Wednesday, July 21, 2010

Possible Teamsters strike could affect Criminal Minds

Hollywood preps for Teamsters walkout.

Ed Bernero speaks about the possible strike.

Television would be hit hardest.

That's the consensus among industryites prepping for a possible strike by Hollywood transportation workers should the Teamsters fail to secure a new pact before its current agreement expires Aug. 1. Upward of 20 shows are in production ahead of the fall television season.

"If it were to happen, it would be hugely unfortunate," said Ed Bernero, executive producer on the CBS series "Criminal Minds." "I really can't speculate on what I might do if it happened, but unions are very important to me. So it would be a very difficult decision for me."

It's possible the Teamsters would agree to work under a contract extension even if their pact expires without a new agreement in place, but the union's Hollywood Local 399 is expected to take a strike-authorization vote during a general membership meeting set for 8 a.m. Sunday in Burbank. That would arm Local leaders with the ability to walk at any point after the midnight expiration of the Local's current "Black Book" agreement a week from Saturday; even the prospect of a strike has production execs puzzling over ways of getting actors and others on and off their lots without crossing picket lines.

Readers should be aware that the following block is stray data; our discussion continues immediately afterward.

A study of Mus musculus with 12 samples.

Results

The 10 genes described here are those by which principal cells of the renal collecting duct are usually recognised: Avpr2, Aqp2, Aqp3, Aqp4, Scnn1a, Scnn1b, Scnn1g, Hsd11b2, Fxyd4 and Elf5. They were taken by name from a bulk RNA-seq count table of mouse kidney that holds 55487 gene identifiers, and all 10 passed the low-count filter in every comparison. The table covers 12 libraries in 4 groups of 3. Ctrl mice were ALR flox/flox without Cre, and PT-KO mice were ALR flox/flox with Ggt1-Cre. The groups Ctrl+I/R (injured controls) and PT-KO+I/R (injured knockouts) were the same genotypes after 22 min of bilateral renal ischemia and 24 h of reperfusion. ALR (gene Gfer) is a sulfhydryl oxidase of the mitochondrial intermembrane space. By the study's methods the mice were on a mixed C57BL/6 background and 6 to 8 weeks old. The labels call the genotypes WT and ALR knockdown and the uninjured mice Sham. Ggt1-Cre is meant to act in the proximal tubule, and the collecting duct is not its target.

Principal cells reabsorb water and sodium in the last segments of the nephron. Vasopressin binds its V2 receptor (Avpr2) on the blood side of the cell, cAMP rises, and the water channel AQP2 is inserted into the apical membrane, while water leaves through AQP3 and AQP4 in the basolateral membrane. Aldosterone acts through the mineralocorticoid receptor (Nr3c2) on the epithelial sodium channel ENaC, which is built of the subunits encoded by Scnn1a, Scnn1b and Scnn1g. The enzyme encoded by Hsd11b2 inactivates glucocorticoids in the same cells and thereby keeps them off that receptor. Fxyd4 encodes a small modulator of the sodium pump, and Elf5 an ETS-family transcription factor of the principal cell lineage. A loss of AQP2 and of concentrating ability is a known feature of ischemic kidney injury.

The transportation union's talks with Hollywood studios involve proposals for a new two- or three-year contract but have hit an impasse over money terms. The Teamsters want annual raises of 3%; management is offering 2% yearly boosts. The studios would prefer a three-year deal but are offering two years at the union's request, which would allow the Teamsters to synch up their contract expiration with IATSE's. That, in turn, would give the Teamsters more input into contract matters affecting the pension and health plan that covers members of both unions.

Alliance of Motion Picture & Television Producers president Carol Lombardini and Teamsters attorney Joe Kaplan remain in touch this week ahead of the next formal bargaining session, set for 10 a.m. Friday at AMPTP headquarters in Sherman Oaks, and another session could be scheduled for next week. An additional session would seem only natural, as a successful strike-authorization vote would enhance the union's hand at the bargaining table, and management appears inclined to agree to continued talks.